Upward trend in amount of money in circulation stable
An increased activity in the economy and growing trust in it for close to six months now has been evidenced by the dynamics of money supply. In four of the last five months (a small seasonal decrease in January excepting) a steady rise in money in circulation was observed. That was also the case in March of 2010 when the money indicator M3, which characterizes the total amount of cash and non-cash currency in the economy, grew 2.3%. For the first time since November of 2008, the annual changes in M3 were also positive (+3.5%).
The annual rise in domestic deposits at the end of March was even more pronounced (6.0%), with the balance of deposits attracted by banks growing 300 mil. lats year-on-year. The stable export growth, improving confidence indicators, more beneficial tendencies in the retail turnover as well as the inflow of government financial resources in the economy in March promoted a rise in both domestic deposits (2.4%), and demand for cash currency (0.4%).
The decisive role in the growth of deposits both overall and in the enterprise and household sector was played by the increase in deposits in lats (3.6%), with euro deposits growing only in the enterprise sector. However, the household euro deposit decrease notwithstanding, the overall rise in household deposits because of the faster rate at which lats deposits grew in March outpaced the rise in February.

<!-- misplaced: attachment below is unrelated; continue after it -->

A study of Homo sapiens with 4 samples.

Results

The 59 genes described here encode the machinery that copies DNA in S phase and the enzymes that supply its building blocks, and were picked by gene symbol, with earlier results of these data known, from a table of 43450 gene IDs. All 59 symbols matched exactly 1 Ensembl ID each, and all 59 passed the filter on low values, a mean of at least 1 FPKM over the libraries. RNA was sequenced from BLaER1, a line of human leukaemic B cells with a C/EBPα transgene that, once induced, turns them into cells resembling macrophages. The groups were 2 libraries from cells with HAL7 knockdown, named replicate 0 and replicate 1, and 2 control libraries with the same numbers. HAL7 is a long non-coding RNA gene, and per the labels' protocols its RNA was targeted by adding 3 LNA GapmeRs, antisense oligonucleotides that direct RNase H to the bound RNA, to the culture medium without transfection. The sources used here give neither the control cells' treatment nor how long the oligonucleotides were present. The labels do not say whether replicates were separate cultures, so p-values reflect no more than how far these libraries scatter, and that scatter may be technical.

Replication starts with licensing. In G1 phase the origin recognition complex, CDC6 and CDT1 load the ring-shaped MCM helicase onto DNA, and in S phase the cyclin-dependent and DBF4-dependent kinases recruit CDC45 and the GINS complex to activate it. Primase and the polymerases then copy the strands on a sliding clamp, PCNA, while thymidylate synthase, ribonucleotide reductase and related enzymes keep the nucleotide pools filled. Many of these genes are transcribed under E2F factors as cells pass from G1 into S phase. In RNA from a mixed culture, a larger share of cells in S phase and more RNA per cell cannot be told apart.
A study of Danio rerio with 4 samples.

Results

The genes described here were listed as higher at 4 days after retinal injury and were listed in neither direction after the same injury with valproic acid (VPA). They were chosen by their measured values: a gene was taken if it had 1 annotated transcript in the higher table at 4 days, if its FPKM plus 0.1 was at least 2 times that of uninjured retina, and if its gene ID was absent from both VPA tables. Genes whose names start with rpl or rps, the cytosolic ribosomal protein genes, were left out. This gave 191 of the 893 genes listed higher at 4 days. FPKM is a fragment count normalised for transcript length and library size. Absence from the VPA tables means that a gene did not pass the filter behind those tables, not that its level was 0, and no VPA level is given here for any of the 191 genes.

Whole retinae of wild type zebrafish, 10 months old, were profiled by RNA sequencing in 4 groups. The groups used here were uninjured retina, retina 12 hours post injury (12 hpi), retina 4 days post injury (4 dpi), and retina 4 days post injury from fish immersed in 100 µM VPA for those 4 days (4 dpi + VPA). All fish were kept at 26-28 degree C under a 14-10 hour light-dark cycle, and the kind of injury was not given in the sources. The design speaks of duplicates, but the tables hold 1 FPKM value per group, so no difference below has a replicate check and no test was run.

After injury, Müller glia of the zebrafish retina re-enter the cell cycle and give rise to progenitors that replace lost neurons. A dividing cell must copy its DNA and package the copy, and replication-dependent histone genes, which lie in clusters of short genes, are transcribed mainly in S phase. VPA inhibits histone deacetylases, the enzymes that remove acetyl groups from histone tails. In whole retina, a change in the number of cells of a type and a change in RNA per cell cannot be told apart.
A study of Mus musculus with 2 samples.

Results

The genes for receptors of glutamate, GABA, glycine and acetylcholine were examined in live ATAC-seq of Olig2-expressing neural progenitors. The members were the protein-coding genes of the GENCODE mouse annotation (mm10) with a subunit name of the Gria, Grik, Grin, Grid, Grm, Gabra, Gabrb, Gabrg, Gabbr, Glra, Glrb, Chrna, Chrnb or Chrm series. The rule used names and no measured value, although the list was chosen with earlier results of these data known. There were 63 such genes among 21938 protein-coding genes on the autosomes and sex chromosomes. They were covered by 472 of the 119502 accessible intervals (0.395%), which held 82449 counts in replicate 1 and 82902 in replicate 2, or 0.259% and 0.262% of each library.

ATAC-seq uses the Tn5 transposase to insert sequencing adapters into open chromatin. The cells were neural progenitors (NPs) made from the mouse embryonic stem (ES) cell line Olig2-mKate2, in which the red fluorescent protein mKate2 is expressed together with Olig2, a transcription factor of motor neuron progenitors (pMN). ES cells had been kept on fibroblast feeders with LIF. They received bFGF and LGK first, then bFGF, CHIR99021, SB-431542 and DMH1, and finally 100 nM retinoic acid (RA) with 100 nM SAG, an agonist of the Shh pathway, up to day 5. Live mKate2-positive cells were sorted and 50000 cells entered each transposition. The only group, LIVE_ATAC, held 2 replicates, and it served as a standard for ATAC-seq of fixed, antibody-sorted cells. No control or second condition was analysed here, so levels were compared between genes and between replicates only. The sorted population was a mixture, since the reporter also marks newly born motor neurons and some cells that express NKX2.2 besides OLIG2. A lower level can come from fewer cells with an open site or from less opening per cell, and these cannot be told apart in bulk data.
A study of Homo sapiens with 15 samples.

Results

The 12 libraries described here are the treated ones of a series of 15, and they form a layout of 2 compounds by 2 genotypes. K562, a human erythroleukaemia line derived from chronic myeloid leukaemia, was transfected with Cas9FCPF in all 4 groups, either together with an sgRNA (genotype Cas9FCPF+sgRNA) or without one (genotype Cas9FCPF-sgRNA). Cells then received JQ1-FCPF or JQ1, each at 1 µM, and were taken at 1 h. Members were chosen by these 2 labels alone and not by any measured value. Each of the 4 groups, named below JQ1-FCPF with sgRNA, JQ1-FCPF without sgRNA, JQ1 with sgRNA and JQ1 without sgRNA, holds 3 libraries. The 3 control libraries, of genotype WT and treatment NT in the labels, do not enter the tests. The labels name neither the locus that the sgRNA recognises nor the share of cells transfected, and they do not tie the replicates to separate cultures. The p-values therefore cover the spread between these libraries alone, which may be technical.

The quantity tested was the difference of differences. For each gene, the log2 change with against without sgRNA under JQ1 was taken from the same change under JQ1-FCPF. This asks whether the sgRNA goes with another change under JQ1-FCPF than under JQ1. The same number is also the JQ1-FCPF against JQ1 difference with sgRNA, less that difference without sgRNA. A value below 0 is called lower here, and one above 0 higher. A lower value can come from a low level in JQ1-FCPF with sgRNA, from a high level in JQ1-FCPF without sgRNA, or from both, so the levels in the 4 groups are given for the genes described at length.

Although some banks have stated their wish to activate lending, the overall attitude of banks toward lending is still reserved, which is determined by the high percentage of loans with missed payments. The demand for loans remains low. As a result, the amount of loans granted to the private sector decreased 1.0%. The loans to enterprises shrank more but loans to households very little. The drop in commercial loans granted to enterprises had the greatest impact.
With the negative effects of recession abating in the economy and growth resuming in the export branches, a rise in money supply will probably persist in the next months. A rise in deposits will depend on the improved financial position of the enterprises exporting goods and services; a rise in household deposits could be augmented by payouts of pensions withheld last year. This factor, particularly in April, could have a substantial increasing effect on the demand for cash currency. A positive growth in lending however can only be expected with a resumed domestic demand.